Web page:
The government has dropped the ball when it comes to supporting the Australian fintech ecosystem, says Dirk Steller, founder of VC firm Seed Space.
Australia recently ranked 6th in the world in the 2021 Global Fintech Rankings, a testament to the creativity and entrepreneurship of the local industry. This success however, has come despite, rather than as a result of, Government support for tech generally and fintech in particular. If Australia is to reach its potential, there is much to be done.
A taxing issue
Australia has a reputation as a high-tax country, and this is true for both domestic and foreign investors in the tech scene. Few tax incentives exist for investors – the highest tax benefit on offer through a VC fund structure is a 10% tax offset.
This is a poor cousin to the offsets available to tech investors in the UK and elsewhere, which are up to five times higher and free from capital gains tax. Where capital gains incentives for investors are available in Australia, the way they are capped discourages venture capital investment even further.
For Australian tech founders, the price of success is high. Compared to other fintech markets, founders pay far more capital gains tax – they may even end up paying more tax than their passive investors. This is a huge incentive for founders to take their companies rapidly offshore to places where taxes are lower, or incentives exist to support entrepreneurs to create financially successful businesses.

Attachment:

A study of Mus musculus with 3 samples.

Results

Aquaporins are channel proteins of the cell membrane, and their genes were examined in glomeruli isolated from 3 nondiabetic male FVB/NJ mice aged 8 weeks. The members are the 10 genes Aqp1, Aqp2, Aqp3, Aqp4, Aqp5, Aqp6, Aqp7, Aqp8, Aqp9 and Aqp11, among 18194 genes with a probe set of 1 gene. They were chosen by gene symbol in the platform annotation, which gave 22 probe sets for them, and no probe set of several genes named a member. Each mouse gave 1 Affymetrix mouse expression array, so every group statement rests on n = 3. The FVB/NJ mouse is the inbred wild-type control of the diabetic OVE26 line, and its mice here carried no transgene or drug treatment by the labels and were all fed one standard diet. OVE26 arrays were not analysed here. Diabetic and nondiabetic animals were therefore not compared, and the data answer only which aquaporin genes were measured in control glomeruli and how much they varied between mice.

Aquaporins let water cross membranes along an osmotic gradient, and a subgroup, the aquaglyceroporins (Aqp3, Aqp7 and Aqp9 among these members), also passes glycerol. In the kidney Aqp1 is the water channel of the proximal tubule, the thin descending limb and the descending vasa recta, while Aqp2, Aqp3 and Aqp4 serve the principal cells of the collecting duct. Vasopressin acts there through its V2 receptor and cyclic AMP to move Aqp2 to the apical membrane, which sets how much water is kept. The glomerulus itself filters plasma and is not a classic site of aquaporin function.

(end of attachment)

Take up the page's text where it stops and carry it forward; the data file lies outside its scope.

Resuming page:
A strange quirk in Australian investment rules has led to a situation, unique in the developed world, where venture capitalists are not allowed to invest in fintech. An ill-conceived and poorly worded section in the legislation governing approved venture capital vehicles (which must be used to gain the minimal tax incentives on offer) prohibits investment in companies involved in banking, insurance and providing capital to others.
This effective ban on VC investment in fintech is reflected in the paltry support for early-stage fintech companies in Australia – 25 times less than the UK and 26 times less than Israel as a proportion of GDP. And the pool is shrinking – early-stage VC investment in the sector fell by more than 2% last year. This poor outcome will continue to compound until the nonsensical ban is removed.
The ban has a more subtle unintended consequence as well. Because VCs are unable to invest in fintech, the main source of capital has become the investment arms of domestic banks and financial institutions. It’s easy to see how, when fintechs become challengers, the conflicts inherent in this model serve to further erode the potential for fintech success in the Australian market.
A sovereign concern
One of the key commonalities between all successful fintech markets is the engagement with the local sovereign wealth fund. In every country – except Australia – these funds are mandated to invest in their own fintech ecosystems, providing a strong backbone of support as well as, in most cases, healthy returns for the fund.
Not the Future Fund however. It allocates capital to 14 external funds, all of which are outside Australia, and none of which invest in Australian tech or fintech. Not only does this impoverish the sector, it also leaves significant potential returns on the table.
Australia boasts a world-class education system, great infrastructure and, of course, an enviable lifestyle. It is this last point that keeps Australian entrepreneurs at home despite the legislative odds being stacked against them.
If the Government really wants to build an attractive environment for new tech and fintech businesses, it can do so relatively easily. It remains to be seen whether the political rhetoric of the last two years will turn into anything more.
Dirk Steller is the founder of early-stage venture capital fund Seed Space, which has two funds in Australia, and will open an European fund later this year.